German Chancellor Angela Merkel told the Augsburger Allgemeine newspaper on Saturday that although German reunification was largely "a success story," many communities in the country's former communist east harbored resentment.
"Much of what happened in the early 90s is once again facing people (today)," Merkel said, referring to the period of upheaval that followed the reunification of East and West Germany on October 3, 1990.
"Many people lost their jobs, had to start over. The health system, the pension system — everything changed," she said. "On the day of the monetary union, 13 percent of the people in the East worked in agriculture. The day after that it was 1.5 percent."
"This is never a justification for hatred and violence," Merkel stressed. "But it is an explanation for why a life can take a different course."
Merkel said there had been a "certain amount of nervousness" in Germany since the 2017 federal election, which reduced her authority and saw the right-wing populist Alternative for Germany (AfD) emerge as the third-largest party. The chancellor said the challenge of migration, in particular, had opened up divisions in the country.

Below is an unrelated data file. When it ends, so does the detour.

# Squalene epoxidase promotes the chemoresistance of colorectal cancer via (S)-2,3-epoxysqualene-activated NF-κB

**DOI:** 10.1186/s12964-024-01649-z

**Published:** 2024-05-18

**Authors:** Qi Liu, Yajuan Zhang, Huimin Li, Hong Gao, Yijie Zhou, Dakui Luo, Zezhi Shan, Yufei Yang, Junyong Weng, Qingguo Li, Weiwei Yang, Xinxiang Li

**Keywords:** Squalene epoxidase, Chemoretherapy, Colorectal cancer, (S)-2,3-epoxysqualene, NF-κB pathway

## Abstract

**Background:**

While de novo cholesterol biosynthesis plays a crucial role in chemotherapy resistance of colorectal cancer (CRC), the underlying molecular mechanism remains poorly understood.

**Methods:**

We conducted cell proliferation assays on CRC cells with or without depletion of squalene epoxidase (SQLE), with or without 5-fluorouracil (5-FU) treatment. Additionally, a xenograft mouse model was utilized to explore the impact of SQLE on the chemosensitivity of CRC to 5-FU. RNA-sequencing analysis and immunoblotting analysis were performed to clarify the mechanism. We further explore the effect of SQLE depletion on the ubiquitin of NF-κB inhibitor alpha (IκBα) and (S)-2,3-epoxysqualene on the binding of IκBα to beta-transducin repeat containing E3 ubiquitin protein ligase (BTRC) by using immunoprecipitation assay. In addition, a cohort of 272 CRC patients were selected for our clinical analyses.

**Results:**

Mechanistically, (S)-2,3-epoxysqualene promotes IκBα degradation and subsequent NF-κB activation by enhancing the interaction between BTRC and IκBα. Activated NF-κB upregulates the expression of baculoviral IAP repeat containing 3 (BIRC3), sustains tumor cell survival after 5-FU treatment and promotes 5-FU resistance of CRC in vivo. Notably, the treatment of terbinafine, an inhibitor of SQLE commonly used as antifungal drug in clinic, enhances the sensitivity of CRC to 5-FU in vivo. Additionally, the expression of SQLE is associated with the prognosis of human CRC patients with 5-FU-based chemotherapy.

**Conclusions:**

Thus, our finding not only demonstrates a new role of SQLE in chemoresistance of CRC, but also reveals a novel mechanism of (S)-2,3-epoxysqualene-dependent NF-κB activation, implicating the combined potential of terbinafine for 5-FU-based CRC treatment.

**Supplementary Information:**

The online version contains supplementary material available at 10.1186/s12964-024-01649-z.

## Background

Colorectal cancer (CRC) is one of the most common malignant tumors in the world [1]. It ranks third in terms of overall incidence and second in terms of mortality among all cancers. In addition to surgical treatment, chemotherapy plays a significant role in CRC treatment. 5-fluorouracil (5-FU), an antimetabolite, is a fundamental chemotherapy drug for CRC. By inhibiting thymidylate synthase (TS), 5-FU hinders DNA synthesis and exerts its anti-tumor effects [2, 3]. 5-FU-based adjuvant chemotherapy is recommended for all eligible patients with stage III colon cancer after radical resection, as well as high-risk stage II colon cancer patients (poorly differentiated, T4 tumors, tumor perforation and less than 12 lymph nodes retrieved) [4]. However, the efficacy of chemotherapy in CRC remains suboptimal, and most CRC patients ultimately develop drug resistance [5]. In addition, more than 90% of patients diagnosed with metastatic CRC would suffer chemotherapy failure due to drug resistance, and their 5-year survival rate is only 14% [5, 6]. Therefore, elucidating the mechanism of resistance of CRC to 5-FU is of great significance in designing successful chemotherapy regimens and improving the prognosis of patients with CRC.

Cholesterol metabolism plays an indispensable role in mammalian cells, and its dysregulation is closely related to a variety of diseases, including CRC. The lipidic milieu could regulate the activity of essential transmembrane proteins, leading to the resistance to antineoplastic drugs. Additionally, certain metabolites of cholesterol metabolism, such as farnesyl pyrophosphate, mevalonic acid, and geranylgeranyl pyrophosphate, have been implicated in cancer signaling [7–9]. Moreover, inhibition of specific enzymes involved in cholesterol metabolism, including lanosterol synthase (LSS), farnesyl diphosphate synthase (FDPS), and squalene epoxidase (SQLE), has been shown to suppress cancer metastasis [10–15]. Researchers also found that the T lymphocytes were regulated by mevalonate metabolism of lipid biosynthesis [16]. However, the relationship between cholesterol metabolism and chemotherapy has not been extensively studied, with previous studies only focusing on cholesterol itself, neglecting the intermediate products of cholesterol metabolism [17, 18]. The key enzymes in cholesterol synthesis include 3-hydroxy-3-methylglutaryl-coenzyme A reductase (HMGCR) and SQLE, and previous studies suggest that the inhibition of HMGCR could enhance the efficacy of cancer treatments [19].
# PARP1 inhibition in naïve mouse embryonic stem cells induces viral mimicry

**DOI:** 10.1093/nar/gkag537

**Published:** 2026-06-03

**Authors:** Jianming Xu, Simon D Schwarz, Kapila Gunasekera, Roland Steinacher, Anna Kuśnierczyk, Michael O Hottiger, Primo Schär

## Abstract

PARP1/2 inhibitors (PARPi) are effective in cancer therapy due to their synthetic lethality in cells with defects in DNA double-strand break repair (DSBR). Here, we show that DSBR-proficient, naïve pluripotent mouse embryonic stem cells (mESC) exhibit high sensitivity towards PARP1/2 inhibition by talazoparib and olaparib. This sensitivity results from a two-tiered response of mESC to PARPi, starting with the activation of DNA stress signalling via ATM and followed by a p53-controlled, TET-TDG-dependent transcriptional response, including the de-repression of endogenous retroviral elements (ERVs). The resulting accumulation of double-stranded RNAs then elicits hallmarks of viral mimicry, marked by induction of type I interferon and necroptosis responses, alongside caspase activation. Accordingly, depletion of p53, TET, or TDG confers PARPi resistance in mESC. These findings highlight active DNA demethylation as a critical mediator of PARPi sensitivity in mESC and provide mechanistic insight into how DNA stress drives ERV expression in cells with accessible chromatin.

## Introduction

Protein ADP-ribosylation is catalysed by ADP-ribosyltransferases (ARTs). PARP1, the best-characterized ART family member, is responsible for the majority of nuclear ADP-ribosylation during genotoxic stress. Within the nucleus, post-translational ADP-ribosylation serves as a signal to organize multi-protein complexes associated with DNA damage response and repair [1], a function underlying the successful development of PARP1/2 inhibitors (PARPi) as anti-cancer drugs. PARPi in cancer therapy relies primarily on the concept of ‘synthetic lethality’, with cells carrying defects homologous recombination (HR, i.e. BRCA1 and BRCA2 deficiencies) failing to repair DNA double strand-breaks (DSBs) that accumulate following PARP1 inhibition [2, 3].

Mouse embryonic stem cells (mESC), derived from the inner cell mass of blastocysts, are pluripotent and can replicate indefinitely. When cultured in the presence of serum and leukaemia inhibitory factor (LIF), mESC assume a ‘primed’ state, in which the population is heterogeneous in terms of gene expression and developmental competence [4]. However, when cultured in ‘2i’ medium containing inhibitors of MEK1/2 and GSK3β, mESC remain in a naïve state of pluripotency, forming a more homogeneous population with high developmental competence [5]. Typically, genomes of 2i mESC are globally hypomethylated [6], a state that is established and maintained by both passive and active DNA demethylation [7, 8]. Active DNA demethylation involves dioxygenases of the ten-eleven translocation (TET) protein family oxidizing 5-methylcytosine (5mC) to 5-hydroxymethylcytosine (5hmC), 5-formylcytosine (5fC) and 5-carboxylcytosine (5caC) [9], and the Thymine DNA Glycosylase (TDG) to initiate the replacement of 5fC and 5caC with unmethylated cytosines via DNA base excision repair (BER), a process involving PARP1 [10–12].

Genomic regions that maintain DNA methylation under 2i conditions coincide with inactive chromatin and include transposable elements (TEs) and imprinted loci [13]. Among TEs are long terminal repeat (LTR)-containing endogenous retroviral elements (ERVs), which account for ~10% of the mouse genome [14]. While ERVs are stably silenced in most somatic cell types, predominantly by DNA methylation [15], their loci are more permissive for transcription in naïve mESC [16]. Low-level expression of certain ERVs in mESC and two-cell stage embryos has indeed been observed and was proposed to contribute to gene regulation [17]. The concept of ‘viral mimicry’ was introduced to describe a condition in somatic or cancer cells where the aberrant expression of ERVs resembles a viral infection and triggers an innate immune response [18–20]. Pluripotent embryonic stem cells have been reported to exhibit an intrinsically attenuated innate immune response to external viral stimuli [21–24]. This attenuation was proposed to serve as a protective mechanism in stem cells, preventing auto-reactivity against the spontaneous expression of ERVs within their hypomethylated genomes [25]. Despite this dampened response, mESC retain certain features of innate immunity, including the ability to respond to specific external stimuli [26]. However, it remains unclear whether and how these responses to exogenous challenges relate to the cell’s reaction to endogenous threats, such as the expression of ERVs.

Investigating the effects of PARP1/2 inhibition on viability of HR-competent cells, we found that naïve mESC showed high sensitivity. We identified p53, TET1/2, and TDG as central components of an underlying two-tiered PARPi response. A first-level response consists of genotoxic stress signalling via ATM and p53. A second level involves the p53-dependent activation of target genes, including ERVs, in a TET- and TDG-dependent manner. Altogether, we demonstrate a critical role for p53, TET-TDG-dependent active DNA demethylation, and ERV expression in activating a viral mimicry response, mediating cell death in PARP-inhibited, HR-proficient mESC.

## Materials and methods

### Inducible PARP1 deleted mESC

The recent violent protests that gripped the eastern city of Chemnitz following a fatal stabbing that was blamed on asylum-seekers served as an example of how damaging such divisions can be.
Merkel argued that was one reason to do everything one could to make the anti-migrant AfD "as small as possible."
"For me that means addressing and solving the problems people are worried about," she said, adding however that there was a need to draw clear boundaries "where there is hatred, where there are general suspicions, where minorities are marginalized."